Helikon vortex separation process
The Helikon vortex separation process is an aerodynamic uranium enrichment process designed around a device called a vortex tube. This method was designed and used in South Africa for producing reactor fuel with a uranium-235 content of around 3–5%, and 80–93% enriched uranium for use in nuclear weapons. The Uranium Enrichment Corporation of South Africa, Ltd. (UCOR) developed the process, operating a facility at Pelindaba (known as the 'Y' plant) to produce hundreds of kilograms of HEU. Aerodynamic enrichment processes require large amounts of electricity and are not generally considered economically competitive because of high energy consumption and substantial requirements for removal of waste heat. The South African enrichment plant has apparently been closed.
In the vortex separation process a mixture of uranium hexafluoride gas and hydrogen is injected tangentially into a tube at one end through nozzles or holes, at velocities close to the speed of sound. The tube tapers to a small exit aperture at one or both ends. This tangential injection of gas results in a spiral or vortex motion within the tube, and two gas streams are withdrawn at opposite ends of the vortex tube; centrifugal force providing the isotopic separation. The spiral swirling flow decays downstream of the feed inlet due to friction at the tube wall. Consequently, the inside diameter of the tube is typically tapered to reduce decay in the swirling flow velocity. This process is characterized by a separating element with a very small stage cut (the ratio of product flow to feed flow) of about 1/20, and high process-operating pressures.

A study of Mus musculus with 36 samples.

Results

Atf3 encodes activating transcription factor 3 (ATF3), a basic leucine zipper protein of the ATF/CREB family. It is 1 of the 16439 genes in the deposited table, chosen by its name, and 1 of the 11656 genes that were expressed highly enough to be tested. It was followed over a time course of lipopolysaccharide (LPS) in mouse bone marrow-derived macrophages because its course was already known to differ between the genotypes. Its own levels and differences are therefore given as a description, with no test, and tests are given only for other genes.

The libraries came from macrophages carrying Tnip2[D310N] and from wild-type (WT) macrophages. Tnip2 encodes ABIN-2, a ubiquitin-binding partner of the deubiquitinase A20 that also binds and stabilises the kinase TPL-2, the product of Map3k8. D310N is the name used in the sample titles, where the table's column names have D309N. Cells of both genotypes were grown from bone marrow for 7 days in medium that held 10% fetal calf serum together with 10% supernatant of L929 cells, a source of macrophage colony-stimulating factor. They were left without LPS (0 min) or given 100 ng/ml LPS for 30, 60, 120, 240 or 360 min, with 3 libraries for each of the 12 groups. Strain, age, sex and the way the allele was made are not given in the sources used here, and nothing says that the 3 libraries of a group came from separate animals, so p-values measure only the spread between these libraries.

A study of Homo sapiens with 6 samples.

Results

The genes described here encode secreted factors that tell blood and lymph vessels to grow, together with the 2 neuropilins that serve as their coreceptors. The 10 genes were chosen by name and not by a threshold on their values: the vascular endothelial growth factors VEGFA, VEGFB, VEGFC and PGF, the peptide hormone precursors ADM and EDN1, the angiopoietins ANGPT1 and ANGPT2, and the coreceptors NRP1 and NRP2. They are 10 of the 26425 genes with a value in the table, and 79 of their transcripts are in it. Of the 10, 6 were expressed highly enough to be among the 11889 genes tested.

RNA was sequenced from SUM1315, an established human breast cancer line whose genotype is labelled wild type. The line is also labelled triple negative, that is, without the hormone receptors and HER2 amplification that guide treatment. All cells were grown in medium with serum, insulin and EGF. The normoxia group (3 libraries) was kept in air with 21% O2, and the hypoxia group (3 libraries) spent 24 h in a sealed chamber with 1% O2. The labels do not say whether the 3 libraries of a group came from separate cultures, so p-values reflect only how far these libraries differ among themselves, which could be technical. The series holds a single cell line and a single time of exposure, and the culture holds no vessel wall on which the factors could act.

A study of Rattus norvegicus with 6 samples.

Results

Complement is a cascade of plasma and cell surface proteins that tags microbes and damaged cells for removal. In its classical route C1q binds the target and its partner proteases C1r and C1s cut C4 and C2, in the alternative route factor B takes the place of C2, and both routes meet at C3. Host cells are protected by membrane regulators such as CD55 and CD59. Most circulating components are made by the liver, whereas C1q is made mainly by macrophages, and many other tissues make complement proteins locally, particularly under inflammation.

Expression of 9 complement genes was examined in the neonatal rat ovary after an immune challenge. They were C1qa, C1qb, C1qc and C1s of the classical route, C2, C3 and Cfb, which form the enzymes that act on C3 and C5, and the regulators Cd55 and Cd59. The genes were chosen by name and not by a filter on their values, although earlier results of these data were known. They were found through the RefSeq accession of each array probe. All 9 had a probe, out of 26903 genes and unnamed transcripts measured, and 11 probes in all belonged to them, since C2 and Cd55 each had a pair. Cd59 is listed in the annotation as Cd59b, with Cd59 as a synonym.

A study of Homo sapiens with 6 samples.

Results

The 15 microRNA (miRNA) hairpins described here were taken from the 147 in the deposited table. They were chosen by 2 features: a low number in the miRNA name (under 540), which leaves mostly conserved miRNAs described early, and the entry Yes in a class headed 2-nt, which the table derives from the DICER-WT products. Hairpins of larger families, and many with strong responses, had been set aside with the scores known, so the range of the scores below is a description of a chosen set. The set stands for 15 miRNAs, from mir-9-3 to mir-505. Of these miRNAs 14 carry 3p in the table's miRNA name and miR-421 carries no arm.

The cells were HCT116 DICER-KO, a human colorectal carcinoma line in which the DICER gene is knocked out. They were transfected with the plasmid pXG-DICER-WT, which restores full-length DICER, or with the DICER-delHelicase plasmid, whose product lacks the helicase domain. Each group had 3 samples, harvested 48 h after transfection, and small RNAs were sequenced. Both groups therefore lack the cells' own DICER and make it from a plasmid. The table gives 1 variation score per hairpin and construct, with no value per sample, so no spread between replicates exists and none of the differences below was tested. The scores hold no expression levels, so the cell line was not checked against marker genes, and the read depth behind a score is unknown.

Due to the extremely difficult plumbing required to link stages together, the design was developed into a cascade design technique (dubbed Helikon), in which 20 separation stages are combined into one module, and all 20 stages share a common pair of axial-flow compressors. A basic requirement for the success of this method is that the axial-flow compressors successfully transmit parallel streams of different isotopic compositions without significant mixing. A typical Helikon module consists of a large cylindrical steel vessel housing the 20 separator assemblies, along with two compressors (one mounted on each end), and two water-cooled heat exchangers.
Advantages of this process are a lack of criticality concerns due to the highly diluted feedstock and suitability for batch processing. This means Helikon-type plants can be relatively small, making the technology a nuclear proliferation concern.